Dating of ancient human teeth discovered in a Sumatran cave site suggests modern humans were in Southeast Asia 20,000 years earlier than previously thought.
The international research, led by Dr Kira Westaway from Macquarie University and published in Nature, has pushed back the timing of when humans first left Africa, their arrival in Southeast Asia, and the first time they lived in rainforests.
Malaria kills 500,000 people every year. And 90 per cent of those are children. Griffith University researchers are screening hundreds of thousands of compounds supplied by Japanese companies to find the right compound with activity against the malaria parasite.
Japan’s Global Health Innovative Technology Fund is supporting the research as part of their search for new ways to fight malaria.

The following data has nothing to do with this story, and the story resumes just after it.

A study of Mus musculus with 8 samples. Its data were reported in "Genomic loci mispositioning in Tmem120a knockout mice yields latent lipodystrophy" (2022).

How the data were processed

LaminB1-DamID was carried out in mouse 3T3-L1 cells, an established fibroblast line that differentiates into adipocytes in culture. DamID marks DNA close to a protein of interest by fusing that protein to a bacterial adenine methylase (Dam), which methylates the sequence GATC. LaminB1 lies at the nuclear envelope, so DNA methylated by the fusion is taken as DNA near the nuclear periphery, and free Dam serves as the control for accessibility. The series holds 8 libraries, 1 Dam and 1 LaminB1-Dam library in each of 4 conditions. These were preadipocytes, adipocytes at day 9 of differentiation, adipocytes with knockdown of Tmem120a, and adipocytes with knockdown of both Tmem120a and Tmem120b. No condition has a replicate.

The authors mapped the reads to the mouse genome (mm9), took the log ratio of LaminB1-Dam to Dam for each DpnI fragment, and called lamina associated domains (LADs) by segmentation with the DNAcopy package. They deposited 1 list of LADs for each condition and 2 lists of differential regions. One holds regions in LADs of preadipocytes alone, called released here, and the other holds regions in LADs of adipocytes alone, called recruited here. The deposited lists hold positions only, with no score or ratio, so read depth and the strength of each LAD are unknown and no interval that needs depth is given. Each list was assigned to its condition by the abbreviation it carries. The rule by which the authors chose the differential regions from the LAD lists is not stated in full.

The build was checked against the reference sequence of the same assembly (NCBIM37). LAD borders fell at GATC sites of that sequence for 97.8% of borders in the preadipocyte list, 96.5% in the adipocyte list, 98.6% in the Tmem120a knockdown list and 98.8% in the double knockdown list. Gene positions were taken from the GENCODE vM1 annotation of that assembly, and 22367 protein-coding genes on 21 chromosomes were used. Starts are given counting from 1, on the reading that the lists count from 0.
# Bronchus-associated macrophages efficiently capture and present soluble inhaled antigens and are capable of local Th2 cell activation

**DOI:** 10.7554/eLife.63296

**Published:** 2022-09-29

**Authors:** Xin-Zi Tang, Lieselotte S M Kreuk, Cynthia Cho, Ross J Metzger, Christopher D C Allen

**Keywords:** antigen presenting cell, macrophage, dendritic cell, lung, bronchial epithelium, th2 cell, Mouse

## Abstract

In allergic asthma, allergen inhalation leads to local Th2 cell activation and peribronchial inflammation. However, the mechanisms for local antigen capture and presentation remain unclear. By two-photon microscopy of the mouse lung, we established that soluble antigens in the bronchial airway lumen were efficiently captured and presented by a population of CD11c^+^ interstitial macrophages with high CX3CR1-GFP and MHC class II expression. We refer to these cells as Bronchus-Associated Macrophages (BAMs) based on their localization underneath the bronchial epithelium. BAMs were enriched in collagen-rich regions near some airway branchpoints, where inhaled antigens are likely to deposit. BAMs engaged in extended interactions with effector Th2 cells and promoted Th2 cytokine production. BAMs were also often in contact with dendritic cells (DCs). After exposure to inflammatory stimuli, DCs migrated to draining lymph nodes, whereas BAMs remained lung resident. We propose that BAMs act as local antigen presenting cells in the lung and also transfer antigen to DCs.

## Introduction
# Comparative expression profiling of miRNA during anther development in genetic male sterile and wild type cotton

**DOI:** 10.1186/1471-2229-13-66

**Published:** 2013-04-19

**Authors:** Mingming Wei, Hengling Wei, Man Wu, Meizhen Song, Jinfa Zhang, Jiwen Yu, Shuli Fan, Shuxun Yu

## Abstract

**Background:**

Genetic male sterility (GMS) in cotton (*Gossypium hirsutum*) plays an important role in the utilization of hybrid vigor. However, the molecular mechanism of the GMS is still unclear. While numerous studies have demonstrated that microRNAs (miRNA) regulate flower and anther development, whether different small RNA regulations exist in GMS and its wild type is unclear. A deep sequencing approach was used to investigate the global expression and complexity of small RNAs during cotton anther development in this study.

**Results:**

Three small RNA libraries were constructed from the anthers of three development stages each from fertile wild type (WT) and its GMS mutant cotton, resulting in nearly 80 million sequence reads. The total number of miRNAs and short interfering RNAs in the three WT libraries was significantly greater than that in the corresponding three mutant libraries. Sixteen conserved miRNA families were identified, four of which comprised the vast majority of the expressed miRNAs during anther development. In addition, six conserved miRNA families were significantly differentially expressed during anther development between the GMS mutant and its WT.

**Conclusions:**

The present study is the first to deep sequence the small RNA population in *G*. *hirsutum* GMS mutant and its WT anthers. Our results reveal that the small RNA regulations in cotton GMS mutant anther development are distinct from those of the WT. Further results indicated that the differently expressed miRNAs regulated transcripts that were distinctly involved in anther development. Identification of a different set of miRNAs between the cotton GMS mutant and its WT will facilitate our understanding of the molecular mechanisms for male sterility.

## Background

“GHIT is a fund that invests in partnerships between Japanese and non-Japanese entities,” says BT Slingsby, the Executive Director of GHIT.
“Many of those entities are in Australia including The University of Melbourne, The Walter and Eliza Hall Institute, and Griffith University.”
“Currently we’re working with companies such as Daiichi-Sankyo, Takeda, Mitsubishi Tanabe, and Eisai,” says Griffith University’s Vicky Avery.
They bring those compounds to us. We then dispense them into plates which contain the parasite we’re trying to kill. After they’ve been incubated for a period of time we then look to see whether they’ve had an effect in killing the parasites.
“Once one defines a hit, usually it’s the pharmaceutical company that drives forward the further development of that compound to create a drug.
“This collaboration is fantastic in that it has three groups who complement each other,” Vicky says.
The Japanese pharma companies bring expertise in drug discovery and development. GHIT has managed to pull together significant funding from both global partners as well as the Japanese Government. And Griffith University brings the biology expertise.